Healthy cats harbor a bacteria that has been used to develop antibiotics, paving the way for a potential new way to treat severe skin infections. The research comes from the University of California – San Diego, where scientists identified a strain of bacteria found on cats’ skin called Staphylococcus felis (S. felis) that naturally produces antibiotics against a different type of staph bacteria.
The researchers focused on a bacterium called Staphylococcus pseudintermedius (MRSP), which is found on cats and dogs and that can, in some cases, ‘jump’ between species. Humans can also develop an MRSP infection, which leads to severe eczema. Unfortunately, this particular pathogen is resistant to the antibiotics typically prescribed to deal with bacterial infections.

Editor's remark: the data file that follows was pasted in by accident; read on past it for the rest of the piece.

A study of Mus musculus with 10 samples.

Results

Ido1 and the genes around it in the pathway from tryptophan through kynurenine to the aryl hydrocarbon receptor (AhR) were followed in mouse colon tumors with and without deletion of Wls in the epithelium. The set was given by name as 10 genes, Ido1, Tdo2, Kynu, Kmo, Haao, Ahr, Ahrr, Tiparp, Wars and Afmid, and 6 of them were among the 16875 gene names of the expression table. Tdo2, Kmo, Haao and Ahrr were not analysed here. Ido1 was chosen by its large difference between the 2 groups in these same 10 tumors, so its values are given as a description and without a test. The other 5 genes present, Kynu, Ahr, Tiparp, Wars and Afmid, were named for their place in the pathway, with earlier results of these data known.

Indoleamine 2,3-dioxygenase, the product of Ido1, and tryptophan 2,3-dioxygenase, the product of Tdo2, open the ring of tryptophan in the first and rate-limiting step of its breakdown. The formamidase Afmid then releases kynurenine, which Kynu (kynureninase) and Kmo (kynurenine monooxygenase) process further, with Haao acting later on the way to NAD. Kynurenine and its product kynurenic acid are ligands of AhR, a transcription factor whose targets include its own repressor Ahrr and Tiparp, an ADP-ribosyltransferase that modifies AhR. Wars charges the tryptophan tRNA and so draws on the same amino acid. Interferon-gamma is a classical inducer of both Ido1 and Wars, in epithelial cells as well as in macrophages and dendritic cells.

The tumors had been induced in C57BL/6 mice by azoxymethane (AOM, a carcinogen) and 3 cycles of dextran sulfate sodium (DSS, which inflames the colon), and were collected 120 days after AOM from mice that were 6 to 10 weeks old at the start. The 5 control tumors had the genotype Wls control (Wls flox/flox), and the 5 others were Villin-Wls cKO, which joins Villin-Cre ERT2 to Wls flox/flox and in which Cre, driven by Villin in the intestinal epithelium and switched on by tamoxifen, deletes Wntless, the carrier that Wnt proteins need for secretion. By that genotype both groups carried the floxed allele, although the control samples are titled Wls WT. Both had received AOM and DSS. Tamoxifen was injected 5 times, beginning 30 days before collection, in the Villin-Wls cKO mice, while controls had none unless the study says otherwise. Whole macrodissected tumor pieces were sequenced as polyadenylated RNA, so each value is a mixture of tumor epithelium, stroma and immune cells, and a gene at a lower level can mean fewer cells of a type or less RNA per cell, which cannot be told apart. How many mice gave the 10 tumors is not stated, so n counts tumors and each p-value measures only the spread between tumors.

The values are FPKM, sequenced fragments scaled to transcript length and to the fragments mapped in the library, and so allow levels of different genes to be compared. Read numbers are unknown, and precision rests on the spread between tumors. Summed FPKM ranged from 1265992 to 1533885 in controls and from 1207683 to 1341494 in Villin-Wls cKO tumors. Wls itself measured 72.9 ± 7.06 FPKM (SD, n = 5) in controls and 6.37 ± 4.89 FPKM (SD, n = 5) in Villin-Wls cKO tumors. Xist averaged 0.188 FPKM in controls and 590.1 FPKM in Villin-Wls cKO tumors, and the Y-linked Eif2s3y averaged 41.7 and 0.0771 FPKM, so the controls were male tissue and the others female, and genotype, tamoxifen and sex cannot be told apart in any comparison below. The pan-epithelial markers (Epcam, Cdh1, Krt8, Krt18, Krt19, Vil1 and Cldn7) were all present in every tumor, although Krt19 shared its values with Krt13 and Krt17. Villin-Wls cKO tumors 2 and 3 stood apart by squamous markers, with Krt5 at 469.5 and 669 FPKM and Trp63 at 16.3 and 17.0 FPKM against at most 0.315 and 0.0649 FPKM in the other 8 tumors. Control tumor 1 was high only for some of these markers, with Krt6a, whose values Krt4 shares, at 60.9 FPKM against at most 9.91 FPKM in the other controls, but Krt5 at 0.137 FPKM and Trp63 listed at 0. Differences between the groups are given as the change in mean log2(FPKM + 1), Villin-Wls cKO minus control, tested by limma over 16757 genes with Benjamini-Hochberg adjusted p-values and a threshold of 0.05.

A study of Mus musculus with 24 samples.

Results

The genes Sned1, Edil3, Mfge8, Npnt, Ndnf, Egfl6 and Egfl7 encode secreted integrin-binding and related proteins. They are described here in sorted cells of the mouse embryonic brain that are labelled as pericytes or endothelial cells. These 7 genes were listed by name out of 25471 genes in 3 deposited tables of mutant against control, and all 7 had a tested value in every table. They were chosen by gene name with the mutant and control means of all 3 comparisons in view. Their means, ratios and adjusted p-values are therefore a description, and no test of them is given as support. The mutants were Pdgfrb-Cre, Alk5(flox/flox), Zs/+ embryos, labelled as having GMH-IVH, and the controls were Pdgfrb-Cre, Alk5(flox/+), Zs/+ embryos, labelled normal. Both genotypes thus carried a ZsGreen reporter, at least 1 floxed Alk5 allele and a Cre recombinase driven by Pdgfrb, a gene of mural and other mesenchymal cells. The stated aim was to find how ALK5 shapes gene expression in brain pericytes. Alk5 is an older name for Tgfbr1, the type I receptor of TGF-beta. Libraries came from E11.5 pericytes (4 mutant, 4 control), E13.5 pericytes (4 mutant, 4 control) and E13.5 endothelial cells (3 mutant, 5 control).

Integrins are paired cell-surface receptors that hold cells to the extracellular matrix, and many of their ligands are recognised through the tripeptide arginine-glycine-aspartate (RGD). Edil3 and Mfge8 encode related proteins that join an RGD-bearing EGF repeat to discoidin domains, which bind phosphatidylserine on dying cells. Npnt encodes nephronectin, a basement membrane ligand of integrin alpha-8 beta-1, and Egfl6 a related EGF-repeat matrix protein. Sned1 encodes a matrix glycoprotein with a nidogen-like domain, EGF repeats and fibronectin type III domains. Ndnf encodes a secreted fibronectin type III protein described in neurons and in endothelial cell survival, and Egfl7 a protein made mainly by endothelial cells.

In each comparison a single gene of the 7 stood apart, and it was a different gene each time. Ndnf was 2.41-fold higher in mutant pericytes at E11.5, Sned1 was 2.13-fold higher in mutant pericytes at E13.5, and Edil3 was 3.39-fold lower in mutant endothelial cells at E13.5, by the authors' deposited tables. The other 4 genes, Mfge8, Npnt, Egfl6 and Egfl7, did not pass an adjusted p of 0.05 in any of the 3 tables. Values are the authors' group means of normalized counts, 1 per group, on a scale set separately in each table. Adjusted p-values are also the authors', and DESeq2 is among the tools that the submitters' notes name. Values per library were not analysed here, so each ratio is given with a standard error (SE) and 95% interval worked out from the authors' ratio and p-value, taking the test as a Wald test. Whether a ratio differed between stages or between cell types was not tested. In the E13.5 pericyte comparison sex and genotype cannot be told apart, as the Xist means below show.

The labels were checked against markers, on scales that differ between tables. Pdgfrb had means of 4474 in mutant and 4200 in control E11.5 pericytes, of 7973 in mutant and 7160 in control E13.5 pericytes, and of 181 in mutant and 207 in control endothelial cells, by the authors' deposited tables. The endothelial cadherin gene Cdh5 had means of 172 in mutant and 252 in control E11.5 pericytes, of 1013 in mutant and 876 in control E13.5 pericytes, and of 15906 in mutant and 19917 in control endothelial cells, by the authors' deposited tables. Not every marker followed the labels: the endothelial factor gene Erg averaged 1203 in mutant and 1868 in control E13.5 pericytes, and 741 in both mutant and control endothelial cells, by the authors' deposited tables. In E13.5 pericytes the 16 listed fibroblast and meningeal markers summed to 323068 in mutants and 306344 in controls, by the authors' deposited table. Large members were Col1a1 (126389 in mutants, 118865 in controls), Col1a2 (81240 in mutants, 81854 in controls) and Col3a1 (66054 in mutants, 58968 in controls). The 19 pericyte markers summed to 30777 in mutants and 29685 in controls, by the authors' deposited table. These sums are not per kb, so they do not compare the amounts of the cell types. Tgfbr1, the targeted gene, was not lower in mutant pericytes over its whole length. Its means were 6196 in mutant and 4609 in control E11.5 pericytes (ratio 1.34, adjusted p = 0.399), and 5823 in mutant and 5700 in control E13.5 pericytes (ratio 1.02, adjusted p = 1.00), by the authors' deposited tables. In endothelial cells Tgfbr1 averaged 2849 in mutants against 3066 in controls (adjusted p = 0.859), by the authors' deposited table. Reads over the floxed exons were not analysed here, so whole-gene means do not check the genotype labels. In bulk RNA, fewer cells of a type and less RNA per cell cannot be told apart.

In search of a potential new solution for treating MRSP, the researchers behind this new study analyzed the bacteria commonly found on cats and dogs, zeroing in on S. felis that, it turns out, naturally creates antibiotics that are able to kill the MRSP bacterium. Study lead Richard L. Gallo, MD, Ph.D., described the potency as ‘extreme.’
Of particular note is the bacteria’s production of four different antimicrobial peptides, resulting in multiple antibiotics that attack the pathogen in different ways. The combination of a few different antibiotics working together makes it more difficult for the MRSP pathogen to overcome the antibiotics. Tests on mice showed promise for treating the skin condition.
The researchers plan a trial to determine whether the bacteria are able to treat MRSP infections in dogs. Creams, gels, or sprays based on the antibiotics produced by the cat bacteria may one day be commonly available to treat these infections, though additional research is still needed.